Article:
Questions of the Heart, as Reflected in The American Soul

The American Soul

As Reflected in the Questions of the Heart

Why Do We Live?

Reason, Liberty and Love

“To repeat, this capacity which they called “reason” has little to do with what we usually refer to by that name. It is not something that can be programmed into a computer; nor is it a collection of information and data; nor is it the power to develop ingenious hypotheses for the purpose of short-term prediction and material advantage—all these are capacities of the mind which in their way are shared by the animals and many of which can even be performed better by machines. By “reason,” the Founding Fathers are speaking of a power within man that is capable actively of apprehending the essential truth and form of universal reality and morality. It is a capacity that acts independently of individual subjective emotion or instinctual attraction. By being thus independent of emotional or subjective preference, this “reason” is able to be the conduit not only of knowledge but of love, love that is not shackled to the personal and preferential.”

What Can We Hope For?

The Peacemakers

“Washingtonian democracy is not the freedom to try to destroy each other physically or philosophically or morally, but the freedom to bring one’s own best thought together with one’s best effort to listen and attend to the other. The aim is not to reach the pale and crooked version of mutual accommodation that we call “compromise,” which is often either ineffectual or ethically corrupt, but to discover a more comprehensive intelligence that allows each part and each partial truth to take its proper and necessary place in the life of the whole.”


Questions of the Heart, as Reflected in the Recently Republished Book, Sorcerers


An enthralling blend of sorcery, religion and philosophy, from which Jacob Needleman creates a brilliant moral fable for our times.

Sorcerers is the story of a teenage boy growing up in 1950s Philadelphia who is swept into a world of mysterious powers and extraordinary human possibilities.  On the threshold of maturity and yearning for something he cannot name, adolescent Eliot Appleman is welcomed into the Sorcerer's Apprentices, a club of young stage magicians, and is soon drawn into a perilous clash between two conflicting forces—the compulsion to manipulate others and the need to discover the deeper truths about his own nature.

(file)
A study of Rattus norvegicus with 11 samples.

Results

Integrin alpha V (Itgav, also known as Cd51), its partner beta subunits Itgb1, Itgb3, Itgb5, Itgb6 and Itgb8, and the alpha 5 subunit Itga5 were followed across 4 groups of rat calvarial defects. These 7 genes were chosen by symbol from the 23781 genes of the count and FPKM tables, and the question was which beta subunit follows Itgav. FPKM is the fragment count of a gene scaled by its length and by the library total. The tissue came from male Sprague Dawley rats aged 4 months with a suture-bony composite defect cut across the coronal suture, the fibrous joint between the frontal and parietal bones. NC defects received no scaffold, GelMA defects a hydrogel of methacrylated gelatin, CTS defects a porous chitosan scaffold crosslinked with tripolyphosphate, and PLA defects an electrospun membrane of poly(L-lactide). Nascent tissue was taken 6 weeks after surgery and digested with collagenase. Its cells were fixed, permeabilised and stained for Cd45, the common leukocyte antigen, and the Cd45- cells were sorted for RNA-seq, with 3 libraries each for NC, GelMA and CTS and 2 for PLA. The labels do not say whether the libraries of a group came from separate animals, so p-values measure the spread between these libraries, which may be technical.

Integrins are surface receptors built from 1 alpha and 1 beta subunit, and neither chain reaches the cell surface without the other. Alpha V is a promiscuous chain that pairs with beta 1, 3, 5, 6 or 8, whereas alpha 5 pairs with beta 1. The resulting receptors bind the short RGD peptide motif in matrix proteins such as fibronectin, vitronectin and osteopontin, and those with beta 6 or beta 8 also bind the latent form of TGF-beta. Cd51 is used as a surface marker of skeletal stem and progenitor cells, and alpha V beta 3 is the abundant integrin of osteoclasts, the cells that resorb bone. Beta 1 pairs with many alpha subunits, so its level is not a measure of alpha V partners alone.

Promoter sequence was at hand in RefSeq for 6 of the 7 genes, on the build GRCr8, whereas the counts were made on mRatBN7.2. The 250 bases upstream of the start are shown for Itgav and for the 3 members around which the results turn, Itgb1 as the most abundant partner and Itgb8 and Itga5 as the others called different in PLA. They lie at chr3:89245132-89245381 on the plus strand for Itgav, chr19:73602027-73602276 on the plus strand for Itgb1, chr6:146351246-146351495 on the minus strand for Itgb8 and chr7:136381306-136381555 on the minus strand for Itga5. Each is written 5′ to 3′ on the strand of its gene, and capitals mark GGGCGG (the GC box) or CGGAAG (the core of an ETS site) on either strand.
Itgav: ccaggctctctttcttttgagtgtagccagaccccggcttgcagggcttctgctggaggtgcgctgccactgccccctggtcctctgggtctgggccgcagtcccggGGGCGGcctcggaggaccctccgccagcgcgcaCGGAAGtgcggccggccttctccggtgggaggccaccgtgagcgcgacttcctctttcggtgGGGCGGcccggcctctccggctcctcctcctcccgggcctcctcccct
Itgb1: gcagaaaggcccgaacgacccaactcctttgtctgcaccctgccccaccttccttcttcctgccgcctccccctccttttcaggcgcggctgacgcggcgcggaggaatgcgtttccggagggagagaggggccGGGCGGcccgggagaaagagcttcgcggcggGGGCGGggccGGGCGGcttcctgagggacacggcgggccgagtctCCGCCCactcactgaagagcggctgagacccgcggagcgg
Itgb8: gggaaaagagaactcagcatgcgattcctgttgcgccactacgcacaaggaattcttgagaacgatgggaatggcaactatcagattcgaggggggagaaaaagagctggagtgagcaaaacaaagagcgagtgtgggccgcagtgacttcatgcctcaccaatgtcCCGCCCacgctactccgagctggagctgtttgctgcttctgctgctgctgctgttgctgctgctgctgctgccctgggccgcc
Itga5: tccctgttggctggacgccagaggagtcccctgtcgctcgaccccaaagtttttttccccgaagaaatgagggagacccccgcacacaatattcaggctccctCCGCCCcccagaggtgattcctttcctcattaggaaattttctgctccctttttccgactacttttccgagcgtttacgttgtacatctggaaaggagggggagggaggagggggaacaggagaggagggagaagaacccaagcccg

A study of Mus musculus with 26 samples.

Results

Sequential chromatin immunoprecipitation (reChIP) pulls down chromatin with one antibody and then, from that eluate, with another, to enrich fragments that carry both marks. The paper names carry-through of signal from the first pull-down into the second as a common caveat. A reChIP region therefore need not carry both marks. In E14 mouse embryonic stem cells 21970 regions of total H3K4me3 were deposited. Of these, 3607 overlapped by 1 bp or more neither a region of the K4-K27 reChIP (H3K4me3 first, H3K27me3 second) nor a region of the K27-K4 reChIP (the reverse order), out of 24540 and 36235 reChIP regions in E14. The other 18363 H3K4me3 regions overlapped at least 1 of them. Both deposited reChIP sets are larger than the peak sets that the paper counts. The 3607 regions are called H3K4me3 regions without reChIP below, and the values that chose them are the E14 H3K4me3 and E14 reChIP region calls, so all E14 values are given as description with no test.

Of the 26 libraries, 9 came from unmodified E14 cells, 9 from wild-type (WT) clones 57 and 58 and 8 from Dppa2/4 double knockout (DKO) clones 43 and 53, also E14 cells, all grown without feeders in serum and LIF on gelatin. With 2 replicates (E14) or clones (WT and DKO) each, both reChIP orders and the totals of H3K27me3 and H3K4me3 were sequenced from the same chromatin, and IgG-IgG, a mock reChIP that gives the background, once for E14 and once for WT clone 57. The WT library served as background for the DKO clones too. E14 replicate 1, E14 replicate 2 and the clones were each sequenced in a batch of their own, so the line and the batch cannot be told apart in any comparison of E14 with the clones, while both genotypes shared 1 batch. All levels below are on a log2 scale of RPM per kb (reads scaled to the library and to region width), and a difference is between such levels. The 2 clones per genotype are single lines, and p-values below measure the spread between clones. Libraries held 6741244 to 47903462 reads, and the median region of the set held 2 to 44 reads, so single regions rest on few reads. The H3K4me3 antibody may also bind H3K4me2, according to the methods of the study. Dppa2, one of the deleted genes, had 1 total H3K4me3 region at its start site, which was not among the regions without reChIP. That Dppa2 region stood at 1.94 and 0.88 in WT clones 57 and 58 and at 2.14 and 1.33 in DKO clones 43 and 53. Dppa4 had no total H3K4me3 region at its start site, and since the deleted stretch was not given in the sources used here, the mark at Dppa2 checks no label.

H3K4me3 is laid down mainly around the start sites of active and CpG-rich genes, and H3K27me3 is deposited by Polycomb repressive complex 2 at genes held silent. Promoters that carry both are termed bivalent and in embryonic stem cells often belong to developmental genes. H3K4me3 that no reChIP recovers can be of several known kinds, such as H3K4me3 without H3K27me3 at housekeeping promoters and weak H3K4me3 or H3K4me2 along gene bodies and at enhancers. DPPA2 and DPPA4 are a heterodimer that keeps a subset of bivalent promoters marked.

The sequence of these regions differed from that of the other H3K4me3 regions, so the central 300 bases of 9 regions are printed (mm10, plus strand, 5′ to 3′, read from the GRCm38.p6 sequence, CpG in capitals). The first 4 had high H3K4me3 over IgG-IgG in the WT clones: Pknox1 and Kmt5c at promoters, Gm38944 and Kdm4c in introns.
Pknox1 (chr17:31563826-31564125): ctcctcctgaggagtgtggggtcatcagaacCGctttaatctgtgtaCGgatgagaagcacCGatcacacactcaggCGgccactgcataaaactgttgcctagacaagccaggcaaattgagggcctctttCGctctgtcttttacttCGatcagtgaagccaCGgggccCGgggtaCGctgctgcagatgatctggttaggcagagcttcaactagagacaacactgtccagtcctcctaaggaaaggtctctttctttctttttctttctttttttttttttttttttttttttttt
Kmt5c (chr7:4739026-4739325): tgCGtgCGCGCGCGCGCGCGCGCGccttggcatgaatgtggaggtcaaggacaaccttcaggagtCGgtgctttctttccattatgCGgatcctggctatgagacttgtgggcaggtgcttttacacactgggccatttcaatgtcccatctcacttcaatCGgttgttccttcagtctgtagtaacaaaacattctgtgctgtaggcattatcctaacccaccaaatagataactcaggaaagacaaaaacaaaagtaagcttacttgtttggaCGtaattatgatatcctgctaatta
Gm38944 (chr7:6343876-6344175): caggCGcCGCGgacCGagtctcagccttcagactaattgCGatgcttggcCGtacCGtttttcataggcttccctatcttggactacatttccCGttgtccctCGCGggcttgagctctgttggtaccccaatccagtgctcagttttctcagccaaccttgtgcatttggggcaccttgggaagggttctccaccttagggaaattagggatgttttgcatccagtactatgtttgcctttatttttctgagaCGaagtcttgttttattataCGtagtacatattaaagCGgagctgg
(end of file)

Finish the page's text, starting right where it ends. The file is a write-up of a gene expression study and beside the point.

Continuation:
As Reflected in the Questions of the Heart


What can we know?

How should we live?

“Ask yourself: what’s the ideal trick? The boy climbs a rope, vanishes, his limbs fall to the ground, the magician throws them in a casket, and then out jumps the boy alive and kicking. The magician manipulates death, gravity, the structure of the human body. Eliot, every trick you do—if your act is serious—must have you controlling laws that others must submit to. That’s why you have to work with simple, fundamental objects. Elaborate apparatus is only good when fantastic things happen with it, things that are so impossible they could never happen no matter what apparatus one has. The apparatus then serves a definite purpose: it makes the audience believe you have access to powerful objects. That’s why good apparatus has to either look weird and outlandish, from another world, or it has to be simple and familiar. So, there are two kinds of magic: one where you have the power directly, like the fakir, or the other where you possess objects that have the power. Irene’s favorite was the linking rings: simple, perfect circles of steel. The audience examines them . . . let me show you.”

Who am I?

"More thoughts and questions came to him—about his own life, what he should do, what career to follow. But these things did not seem so important now, certainly not enough to waste his one wish on them. But then what was the most important thing in his life, really? He had seen that by using the power, under Blake, he had been able to get whatever he wanted—money, sex, honors—and that it still wasn’t enough. Guided by Max, he had touched something entirely different, something he never could have imagined wanting, and it was enough, more than enough. Yet it always cost him so much. It was always bought with a price. And he knew that he had barely scratched the surface of what Max had to offer him. Irene then spoke again. “Turn on your power, Eliot.”